The incident took place at the Mohegan Sun Country Club in Baltic in mid-April.
Michael Popkowski said that he was at the club golfing with friends and was alerted by one of them just moments before the attack, giving him time to turn his back to the bobcat as it pounced.
— FOX 61 (@FOX61News) April 25, 2019
“Honestly I didn’t feel pain during the attack… I think, I don’t know I’m not a scientist, but I think your adrenaline or whatever takes over, I honestly didn’t feel anything,” he told Fox 61.
Popkowski said that he ultimately fought off the bobcat but ended up with lacerations on his scalp and puncture wounds where the animal had bitten him halfway up his arm.
The attack lasted two to three minutes, he said.
“He’s scratching me, biting me he’s on my back. It came out of nowhere of course, it’s totally unexpected,” he told WFSB. “It’s startling it happened so quickly, I honestly don’t even remember how long the attack took place.”
— Brian Didlake TV (@BrianDidlakeTV) April 24, 2019
The 70-year-old said that the attack would not be stopping him from golfing, adding that he planned to get back out on the course.
“It’s good to be in one piece,” he told the Providence Journal. “It was a nasty experience.”
He said his friend helped him fight off the bobcat.
“For whatever reason, it let go and rolled over into a sandtrap. John got some good shots on it then,” he said. The bobcat then ran off.
Philip Krick Jr., vice president and general manager of the club at 7 Dows Lane in Baltic, told The Day that Popkowski hit the bobcat with a golf club nearly a dozen times to fend it off, according to what they told him.
Wildlife biologist Geoff Krukar told Fox 61 that such attacks are rare.
“Bobcats in general are not known for being aggressive towards humans…you know bobcats, unless they have rabies it’s not going to attack people. They aren’t looking at humans as a food source,” he said.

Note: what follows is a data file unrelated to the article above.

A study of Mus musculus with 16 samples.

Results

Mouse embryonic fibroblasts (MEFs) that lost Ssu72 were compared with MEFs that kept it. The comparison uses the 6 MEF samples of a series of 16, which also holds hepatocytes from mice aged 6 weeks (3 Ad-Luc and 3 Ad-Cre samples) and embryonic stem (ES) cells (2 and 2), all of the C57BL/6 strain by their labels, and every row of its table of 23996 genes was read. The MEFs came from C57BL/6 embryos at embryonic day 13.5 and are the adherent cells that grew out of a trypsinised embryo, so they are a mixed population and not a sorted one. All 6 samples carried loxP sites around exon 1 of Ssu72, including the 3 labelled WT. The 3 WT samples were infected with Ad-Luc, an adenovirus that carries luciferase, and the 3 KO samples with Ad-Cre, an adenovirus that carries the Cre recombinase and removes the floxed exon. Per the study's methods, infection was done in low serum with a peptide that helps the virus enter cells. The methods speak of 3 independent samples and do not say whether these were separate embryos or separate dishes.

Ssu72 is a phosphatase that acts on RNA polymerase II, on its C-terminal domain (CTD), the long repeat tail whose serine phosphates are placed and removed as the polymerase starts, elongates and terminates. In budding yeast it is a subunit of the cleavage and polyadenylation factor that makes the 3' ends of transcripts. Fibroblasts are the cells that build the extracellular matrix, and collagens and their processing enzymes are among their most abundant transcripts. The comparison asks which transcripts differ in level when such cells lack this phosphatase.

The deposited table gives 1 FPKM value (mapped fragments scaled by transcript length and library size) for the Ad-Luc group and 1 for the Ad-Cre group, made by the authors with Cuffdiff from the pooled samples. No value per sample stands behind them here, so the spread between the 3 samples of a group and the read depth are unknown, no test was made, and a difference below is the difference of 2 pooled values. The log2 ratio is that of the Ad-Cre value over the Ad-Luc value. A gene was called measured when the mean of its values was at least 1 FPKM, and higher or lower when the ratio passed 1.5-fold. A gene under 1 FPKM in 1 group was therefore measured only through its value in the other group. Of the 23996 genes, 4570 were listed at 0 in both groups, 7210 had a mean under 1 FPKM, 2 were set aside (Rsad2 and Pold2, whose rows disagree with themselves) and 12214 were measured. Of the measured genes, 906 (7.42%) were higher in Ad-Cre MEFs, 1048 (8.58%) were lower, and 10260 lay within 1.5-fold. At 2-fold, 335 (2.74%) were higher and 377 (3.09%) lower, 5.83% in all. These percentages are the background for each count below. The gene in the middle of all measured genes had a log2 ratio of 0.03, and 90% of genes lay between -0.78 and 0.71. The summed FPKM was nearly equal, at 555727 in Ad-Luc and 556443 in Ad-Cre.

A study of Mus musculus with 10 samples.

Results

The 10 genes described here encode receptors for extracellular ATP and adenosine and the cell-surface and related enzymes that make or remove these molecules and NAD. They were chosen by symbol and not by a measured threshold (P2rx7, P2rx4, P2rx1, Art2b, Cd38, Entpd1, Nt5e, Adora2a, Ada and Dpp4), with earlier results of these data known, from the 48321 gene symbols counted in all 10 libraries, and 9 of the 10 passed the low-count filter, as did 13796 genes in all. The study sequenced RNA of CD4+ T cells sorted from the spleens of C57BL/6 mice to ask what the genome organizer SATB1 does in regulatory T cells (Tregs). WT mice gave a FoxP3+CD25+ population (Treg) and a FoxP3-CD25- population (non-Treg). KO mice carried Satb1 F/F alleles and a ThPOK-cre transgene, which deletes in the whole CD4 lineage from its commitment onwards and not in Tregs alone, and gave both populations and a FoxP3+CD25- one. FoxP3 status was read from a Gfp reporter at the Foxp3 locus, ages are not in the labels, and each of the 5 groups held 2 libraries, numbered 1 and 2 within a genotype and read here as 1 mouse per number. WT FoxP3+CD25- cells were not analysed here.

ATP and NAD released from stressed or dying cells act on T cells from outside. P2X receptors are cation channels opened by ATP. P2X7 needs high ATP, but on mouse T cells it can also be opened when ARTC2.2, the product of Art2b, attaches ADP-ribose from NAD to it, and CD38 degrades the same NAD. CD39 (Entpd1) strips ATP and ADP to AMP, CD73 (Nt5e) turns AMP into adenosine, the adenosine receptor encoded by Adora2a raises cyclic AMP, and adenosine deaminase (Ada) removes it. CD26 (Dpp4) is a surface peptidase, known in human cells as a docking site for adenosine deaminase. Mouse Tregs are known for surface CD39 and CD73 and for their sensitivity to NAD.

The Connecticut resident has been golfing for around 30 years. Never did he expect to get attacked by a rabid bobcat mid-round https://t.co/W4Ku1loihu
— NBC New York (@NBCNewYork) April 24, 2019
He said that the best way to defend yourself is to cover your face and neck. He also said that, if possible, people should track the animal so an expert can test it for rabies.
Popowski is undergoing treatment for exposure to rabies.
The Department of Energy and Environmental Protection Environmental Conservation Police said that officers successfully tracked the bobcat, which had also attacked a horse, and “humanely euthanized” the animal.
Lab results showed the bobcat had rabies.
BOBCAT ATTACK: A bobcat that attacked a horse and a golfer in #Baltic tested positive for rabies. The Mohegan Sun Golf Course was closed for a short time after the attack. We talk to the horse’s owner as she witnessed it all on @WFSBnews at 5&6. pic.twitter.com/rUohCQXwOd
— Courtney Zieller (@courtneyzieller) April 18, 2019
The horse was also being treated for lacerations and was up to date with its vaccinations.
The agency said that the last reported bobcat attack in the area was in 2014. That bobcat also tested positive for rabies. “Bobcats are shy, secretive animals; attacks on humans are extremely rare,” the department stated.
Loree Osowski, the horse owner, said that she witnessed the attack.
“I got nervous and I just wanted to protect my animal and I ran after it with a shovel and threw the shovel and screamed at it then I went under my horse trailer and then I didn’t know what to do but go in and call someone so I called 911,” Osowski told WFSB. She said that the horse fought back.
“I think she was kicking at it because when it came out of the area where the horses are in, it was limping a lot,” Osowski said. “She’s had about 16 stitches and an ordeal. Her eye is okay.”